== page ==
Opera: A devilishly camp good time

A FAR corner of the underworld, crimson walls and a skylight to heaven, the distant sound of celestial trumpets and choirs of angels. But who's that snoring in the royal box? Dark, suave, moustached; a man of substance, an aristocrat; white tie and tails. Which opera has he been sleeping through? Surreptitiously he checks his programme. It's strange that it bears his name. Stranger still that he now whistles for attention, with a clutch of demons scuttling to his aid. A ladder facilitates his unseemly descent to the stage. And then you spot the tail. Mephistopheles is calling the tune.

And it's that capricious conceit that lies so squarely at the heart of English National Opera's first staging of Arrigo Boito's opera. It won't be to everyone's taste. In fact, taste doesn't come into it. Boito - Verdi's librettist on his last two masterpieces, Otello and Falstaff - was nothing if not audacious in his spirited adaptation of Goethe's Faust. The boldness (remember, this was 1868) with which he sought to knock the moral stuffing out of Goethe, to promote Mephistopheles, to exploit his wiliness, his cynicism, his potential as an irreverent stand-up comic - the Archie Rice of the underworld - confounded all expectations of the day. That he bit off more than he could chew and more than his audience could swallow, that his fabulously tasteless score comes at you like a parody of every operatic cliche, is irresistible for the director, Ian Judge. He's a man after Mephistopheles' heart; sceptical, unsubtle, a bit of a showman. And camp? Is he ever.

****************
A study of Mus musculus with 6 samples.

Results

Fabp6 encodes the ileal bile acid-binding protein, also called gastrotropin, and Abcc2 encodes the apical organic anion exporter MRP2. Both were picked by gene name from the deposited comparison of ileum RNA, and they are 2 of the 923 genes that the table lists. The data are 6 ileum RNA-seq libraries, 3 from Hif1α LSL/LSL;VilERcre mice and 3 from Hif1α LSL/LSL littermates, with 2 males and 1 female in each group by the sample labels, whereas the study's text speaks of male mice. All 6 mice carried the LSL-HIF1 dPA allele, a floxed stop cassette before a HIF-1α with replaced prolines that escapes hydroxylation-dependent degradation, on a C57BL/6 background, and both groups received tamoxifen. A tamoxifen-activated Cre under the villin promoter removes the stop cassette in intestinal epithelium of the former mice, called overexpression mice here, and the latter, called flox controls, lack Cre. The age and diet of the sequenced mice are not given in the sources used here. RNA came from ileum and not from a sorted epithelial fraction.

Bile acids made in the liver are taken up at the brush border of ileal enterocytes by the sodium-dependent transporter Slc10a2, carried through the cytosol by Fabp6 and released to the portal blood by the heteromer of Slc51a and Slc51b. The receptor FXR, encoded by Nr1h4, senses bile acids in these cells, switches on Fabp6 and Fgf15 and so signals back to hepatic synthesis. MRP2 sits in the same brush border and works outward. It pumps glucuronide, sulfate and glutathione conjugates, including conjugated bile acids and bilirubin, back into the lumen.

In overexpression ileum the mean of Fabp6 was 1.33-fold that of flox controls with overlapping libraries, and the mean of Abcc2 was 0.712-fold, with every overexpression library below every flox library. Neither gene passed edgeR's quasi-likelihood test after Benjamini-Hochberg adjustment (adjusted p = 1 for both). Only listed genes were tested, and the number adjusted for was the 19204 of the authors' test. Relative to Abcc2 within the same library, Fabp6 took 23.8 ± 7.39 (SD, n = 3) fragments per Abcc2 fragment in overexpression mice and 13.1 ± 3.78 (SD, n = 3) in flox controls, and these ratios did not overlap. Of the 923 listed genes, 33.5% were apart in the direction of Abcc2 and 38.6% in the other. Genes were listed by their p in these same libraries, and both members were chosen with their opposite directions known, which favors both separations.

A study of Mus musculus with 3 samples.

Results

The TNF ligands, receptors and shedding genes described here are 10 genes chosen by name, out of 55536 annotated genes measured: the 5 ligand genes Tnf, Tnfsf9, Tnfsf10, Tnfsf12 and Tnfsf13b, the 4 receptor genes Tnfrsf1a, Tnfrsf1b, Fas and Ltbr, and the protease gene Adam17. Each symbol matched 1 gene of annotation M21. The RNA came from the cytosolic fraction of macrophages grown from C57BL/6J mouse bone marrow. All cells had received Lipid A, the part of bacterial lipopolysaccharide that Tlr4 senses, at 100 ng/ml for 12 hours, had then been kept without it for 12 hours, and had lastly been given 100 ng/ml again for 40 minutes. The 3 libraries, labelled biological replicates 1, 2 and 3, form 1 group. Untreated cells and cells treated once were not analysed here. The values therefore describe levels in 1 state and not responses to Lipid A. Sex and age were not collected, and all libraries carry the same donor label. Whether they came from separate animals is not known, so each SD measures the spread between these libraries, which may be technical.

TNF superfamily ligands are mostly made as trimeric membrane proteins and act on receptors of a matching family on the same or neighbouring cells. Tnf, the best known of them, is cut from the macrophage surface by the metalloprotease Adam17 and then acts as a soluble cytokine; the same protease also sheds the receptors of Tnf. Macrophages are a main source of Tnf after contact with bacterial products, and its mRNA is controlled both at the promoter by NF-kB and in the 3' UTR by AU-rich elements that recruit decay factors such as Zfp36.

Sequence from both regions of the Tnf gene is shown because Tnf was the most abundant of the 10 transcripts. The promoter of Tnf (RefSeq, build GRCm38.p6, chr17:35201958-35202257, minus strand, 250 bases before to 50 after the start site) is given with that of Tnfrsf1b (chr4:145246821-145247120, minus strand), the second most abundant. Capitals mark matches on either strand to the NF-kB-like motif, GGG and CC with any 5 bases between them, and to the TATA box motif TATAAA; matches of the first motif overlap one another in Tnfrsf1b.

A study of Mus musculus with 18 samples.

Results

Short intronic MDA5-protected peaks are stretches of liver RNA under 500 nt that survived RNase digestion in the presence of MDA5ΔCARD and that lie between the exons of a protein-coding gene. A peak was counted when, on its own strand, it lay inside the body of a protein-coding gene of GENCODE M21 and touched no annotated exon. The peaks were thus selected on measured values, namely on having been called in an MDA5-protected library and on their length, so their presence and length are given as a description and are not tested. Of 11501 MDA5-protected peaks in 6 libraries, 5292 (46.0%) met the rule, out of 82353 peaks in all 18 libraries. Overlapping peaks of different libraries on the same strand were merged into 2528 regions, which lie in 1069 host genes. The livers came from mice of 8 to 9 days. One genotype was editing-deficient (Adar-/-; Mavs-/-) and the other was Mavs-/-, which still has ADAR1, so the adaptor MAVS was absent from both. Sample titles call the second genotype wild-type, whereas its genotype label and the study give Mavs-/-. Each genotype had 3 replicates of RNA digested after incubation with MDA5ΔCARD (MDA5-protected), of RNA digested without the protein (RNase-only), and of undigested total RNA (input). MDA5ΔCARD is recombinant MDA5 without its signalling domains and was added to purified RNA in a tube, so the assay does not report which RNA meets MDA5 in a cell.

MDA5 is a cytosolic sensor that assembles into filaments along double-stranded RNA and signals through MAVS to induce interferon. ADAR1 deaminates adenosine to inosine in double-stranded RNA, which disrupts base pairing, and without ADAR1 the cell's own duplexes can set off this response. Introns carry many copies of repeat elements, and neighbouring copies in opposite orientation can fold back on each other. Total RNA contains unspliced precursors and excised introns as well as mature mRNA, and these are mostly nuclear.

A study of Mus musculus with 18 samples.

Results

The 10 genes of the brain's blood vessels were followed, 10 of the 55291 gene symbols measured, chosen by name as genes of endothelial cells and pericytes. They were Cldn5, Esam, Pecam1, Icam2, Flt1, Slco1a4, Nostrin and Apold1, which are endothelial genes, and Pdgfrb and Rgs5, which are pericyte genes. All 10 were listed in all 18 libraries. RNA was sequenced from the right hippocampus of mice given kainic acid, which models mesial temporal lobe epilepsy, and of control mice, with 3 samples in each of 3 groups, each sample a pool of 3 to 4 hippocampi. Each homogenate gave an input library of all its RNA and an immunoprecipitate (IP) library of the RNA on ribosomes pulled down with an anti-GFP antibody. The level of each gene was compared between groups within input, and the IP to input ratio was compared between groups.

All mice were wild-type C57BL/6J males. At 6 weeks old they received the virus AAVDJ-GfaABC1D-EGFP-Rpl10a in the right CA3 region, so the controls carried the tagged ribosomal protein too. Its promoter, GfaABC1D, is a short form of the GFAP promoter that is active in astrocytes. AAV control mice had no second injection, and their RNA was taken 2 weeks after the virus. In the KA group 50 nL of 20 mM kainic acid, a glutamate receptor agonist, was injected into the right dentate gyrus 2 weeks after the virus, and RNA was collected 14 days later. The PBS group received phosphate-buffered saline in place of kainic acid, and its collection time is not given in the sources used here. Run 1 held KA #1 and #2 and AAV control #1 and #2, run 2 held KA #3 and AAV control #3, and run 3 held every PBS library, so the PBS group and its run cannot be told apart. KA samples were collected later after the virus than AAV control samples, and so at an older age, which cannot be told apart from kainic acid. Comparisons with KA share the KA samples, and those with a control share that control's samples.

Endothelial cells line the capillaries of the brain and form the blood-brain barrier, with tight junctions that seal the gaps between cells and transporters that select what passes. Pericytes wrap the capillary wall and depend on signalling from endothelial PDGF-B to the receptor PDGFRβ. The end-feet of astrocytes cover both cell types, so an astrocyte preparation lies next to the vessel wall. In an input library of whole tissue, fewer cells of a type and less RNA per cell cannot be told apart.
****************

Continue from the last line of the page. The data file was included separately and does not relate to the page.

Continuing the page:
Even as Mephistopheles is enjoying his regular audience with the Almighty, the heavenly host are assembling like some Fellini-esque stunt. They sport rose-tinted spectacles (seeing the light daily can play havoc with sensitive eyes) and the very latest in gold-plated haloes and wing accessories. Boito's highly innovative Prologue is purple with choral splendour and the heavy scent of incense, its climactic paean buttressed with heaven- storming extra brass. Grand opera boasts precious little that is grander. But Mephistopheles is not about to take it seriously, and neither is Judge. No sooner has the final chord died, when the heavenly host are brazenly peeling off their vestments to reveal themselves as prostitutes, punks and neo-Nazis. It is Easter Sunday in an unspecified German town and Mephistopheles (thinly disguised as a black friar, smoke seeping from beneath his cassock) is laughing all the way to the abyss.

I somehow doubt that Boito ever imagined that his smooth-talking, mischief- making anti-hero would, in the fullness of time, collude with so kindred a spirit as Judge. Together they look on as Faust falls for the Helen of Troy nonsense; they party their way through the witches' sabbath, mindful of its silliness. The designer John Gunter and the lighting designer Simon Corder go for the tawdry look. It's the kind of production, dare I say it, that the piece so richly deserves.

And yet, for all its vulgarity, it sounds good. Alastair Miles is the pinstriped boulevardier from hell, a quartet of naked demons somersaulting to his every whim. It's a sharp and snazzy performance, characteristically well-focused vocally. David Rendall is Faust, his vocal delivery blessed with an idealistic ring. And Susan Patterson is a vocally robust, big- hearted Margareta, caged like a circus animal for the "prison" aria, with Boito's sinuous and far-reaching coloratura boldly contradicting her physical confinement. But this is a big party for the ENO chorus, and, in all their guises, they were lustily effective. As witches and warlocks they came primed with balloons and party poppers, though they took all their cues from the very able conductor Oliver von Dohnanyi and not from our eponymous trickster, who at one point forced his way along the front row of the stalls recklessly brandishing an illuminated baton. What the devil did he think he was playing at?